TCU Daily Skiff Thursday, February 05, 2004
Faulty intelligence cause of Iraq fiasco


Patrick Jennings
is a junior economics major from Melbourne, Fla.


It almost happened. I almost let the Democrats brainwash me. I was oh so close to believing that the Bush administration set up a huge conspiracy to attack Iraq, knowing for certain that there were no weapons of mass destruction.

I started from the position that the intelligence was faulty and David Kay’s testimony brought me back there last week. Bush acted on intelligence that said Saddam had weapons of mass destruction. He acted with the knowledge that Saddam had deep ties to terrorism, even if they weren’t necessarily to al Qaeda.

The Democratic primary candidates have been acting on 20/20 hindsight. Iraq was pointing an unloaded gun in our general direction, and they’re mad that we shot at them first. Of course, as long as it still gets a crowd to cheer and gets you a sound bite on CNN, they’ll keep harping on the issue.

It didn’t take a huge stretch of the imagination to believe that Saddam had WMDs. We know Saddam had them before. And, to paraphrase Hans Blix, these weapons aren’t like marmalade, you keep track of where they are. Saddam didn’t show that he destroyed them. He wouldn’t let the UN commission look for them freely. You don’t have to be a CIA operative to know that sounds suspicious.

OK, so if Bush is justified in going to war, and basing that decision on WMD, why is he reluctant to form a committee to probe the intelligence community? It’s a simple reason and it leads into the real problem from Kay’s testimony.

The CIA and its associates messed up. I’d rather use a more colorful word to describe it, but this is a family newspaper. There’s no reliable way for the president to double-check what the international intelligence community finds. He and the American people have to trust them in, literally, matters of life and death. A mistake this large destroys their credibility. And when the president starts insinuating that he no longer trusts the intelligence, the people will quickly follow suit.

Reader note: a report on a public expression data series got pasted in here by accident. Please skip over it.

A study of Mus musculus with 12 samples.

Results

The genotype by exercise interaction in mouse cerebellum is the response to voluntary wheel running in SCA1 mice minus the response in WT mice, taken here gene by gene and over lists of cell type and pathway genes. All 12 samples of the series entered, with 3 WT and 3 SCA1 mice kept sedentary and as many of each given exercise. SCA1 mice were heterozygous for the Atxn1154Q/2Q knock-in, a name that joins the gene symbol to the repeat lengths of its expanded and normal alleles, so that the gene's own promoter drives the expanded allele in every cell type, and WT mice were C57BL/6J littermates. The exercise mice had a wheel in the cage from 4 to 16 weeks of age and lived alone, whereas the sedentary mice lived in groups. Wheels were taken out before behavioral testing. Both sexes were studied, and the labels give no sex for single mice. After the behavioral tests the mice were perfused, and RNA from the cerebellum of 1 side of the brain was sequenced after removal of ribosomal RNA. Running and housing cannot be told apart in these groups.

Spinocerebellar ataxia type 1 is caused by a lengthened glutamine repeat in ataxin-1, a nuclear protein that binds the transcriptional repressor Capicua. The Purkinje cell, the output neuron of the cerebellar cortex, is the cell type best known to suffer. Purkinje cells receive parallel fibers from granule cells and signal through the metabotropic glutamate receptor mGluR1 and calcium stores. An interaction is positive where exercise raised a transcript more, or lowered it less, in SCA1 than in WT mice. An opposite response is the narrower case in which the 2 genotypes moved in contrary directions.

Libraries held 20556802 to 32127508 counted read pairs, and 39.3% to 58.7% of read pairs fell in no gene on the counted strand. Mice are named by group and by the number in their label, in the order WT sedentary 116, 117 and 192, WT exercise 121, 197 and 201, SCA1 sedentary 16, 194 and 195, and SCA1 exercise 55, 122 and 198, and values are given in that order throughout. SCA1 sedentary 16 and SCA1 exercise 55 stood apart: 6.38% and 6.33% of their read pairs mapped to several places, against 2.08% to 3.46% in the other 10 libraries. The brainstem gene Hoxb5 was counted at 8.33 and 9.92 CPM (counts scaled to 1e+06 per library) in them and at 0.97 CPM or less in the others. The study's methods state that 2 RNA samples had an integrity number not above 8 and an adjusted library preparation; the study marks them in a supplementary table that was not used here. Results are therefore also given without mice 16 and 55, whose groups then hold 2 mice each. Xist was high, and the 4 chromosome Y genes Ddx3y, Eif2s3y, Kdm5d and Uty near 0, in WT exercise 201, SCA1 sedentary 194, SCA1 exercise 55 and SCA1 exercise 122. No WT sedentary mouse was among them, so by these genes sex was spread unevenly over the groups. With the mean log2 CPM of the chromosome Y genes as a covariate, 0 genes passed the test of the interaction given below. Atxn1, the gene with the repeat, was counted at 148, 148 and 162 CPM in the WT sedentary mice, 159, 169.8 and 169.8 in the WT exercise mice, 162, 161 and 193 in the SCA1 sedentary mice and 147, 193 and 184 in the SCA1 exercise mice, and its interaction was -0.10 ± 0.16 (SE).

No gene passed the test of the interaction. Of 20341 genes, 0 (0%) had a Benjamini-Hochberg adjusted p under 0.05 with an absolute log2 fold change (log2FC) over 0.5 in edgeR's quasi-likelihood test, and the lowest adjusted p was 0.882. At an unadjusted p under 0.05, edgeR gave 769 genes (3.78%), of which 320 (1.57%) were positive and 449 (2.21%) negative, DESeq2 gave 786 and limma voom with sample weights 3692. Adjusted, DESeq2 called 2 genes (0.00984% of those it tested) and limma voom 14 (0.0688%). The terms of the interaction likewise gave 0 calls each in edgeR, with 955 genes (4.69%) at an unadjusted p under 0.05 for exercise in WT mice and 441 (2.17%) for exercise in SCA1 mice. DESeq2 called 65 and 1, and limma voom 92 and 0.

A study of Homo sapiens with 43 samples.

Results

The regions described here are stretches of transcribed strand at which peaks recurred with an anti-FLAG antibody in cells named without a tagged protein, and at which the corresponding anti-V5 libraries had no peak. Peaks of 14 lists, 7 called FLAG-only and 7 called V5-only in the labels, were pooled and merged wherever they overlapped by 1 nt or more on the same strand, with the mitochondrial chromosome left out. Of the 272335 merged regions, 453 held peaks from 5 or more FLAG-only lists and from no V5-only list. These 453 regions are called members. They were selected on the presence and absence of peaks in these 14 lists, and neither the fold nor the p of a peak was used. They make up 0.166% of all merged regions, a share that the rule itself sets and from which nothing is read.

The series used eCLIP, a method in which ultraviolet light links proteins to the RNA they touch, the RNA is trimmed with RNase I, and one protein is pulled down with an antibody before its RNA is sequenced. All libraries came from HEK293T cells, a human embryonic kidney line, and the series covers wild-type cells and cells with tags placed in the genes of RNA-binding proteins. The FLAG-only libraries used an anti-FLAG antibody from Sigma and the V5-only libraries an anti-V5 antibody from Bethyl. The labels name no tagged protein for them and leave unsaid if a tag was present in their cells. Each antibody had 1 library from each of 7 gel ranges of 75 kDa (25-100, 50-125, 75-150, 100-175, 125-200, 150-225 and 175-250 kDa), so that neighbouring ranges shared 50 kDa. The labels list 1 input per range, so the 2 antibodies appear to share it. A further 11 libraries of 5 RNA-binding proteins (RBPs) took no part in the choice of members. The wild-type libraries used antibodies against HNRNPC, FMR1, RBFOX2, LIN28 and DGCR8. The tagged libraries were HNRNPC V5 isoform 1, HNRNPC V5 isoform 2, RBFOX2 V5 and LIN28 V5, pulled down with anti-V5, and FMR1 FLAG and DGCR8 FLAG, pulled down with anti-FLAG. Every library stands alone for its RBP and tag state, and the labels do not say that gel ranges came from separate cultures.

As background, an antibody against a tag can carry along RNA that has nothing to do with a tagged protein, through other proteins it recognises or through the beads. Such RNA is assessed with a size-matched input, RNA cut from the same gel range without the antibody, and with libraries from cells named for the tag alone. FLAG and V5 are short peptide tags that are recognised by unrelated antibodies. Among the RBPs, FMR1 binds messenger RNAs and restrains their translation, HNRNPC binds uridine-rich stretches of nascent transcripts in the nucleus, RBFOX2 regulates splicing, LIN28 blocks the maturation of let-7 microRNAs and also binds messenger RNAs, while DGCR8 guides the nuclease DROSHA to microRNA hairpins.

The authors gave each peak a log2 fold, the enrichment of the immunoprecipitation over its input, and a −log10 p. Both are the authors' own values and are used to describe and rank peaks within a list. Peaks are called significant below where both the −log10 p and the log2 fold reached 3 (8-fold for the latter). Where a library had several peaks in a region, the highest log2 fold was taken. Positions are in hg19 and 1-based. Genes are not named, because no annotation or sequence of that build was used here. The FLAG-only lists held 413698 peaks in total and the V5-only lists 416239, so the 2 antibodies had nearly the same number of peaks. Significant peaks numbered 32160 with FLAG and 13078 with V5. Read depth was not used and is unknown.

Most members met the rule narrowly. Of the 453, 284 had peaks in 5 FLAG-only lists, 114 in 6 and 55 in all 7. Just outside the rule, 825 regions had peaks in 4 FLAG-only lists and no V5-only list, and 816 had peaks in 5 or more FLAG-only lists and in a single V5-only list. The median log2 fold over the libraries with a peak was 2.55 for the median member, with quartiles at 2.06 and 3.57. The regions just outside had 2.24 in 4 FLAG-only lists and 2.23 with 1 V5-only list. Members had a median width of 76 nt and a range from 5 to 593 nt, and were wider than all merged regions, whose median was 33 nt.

Bush is trying to salvage some remnant of the legitimacy the CIA once had. He’s saying through actions that not much is wrong. He’s not covering his own mistakes, but he’s committing an entirely independent transgression.

The CIA was formed at the beginning of the cold war. Its goal was to keep track of the USSR and her underlings. This involved a central target with a supposed central mission. The cold war is over, and the new threat is a diffuse enemy with no central organization. But things in Washington have momentum, and the CIA is no different. There’s a commitment to doing things the way they were done before, regardless of whether the methods are best or not.

They missed the two World Trade Center attacks. They missed the two embassy bombings in Africa. They missed the attack on the USS Cole.

Obviously, something has to change.

You can only hope that the bipartisan (and it will definitely be bipartisan) commission investigating the intelligence community can guilt them into doing their jobs.

If not, well, I’ll at least have another topic to write a column on.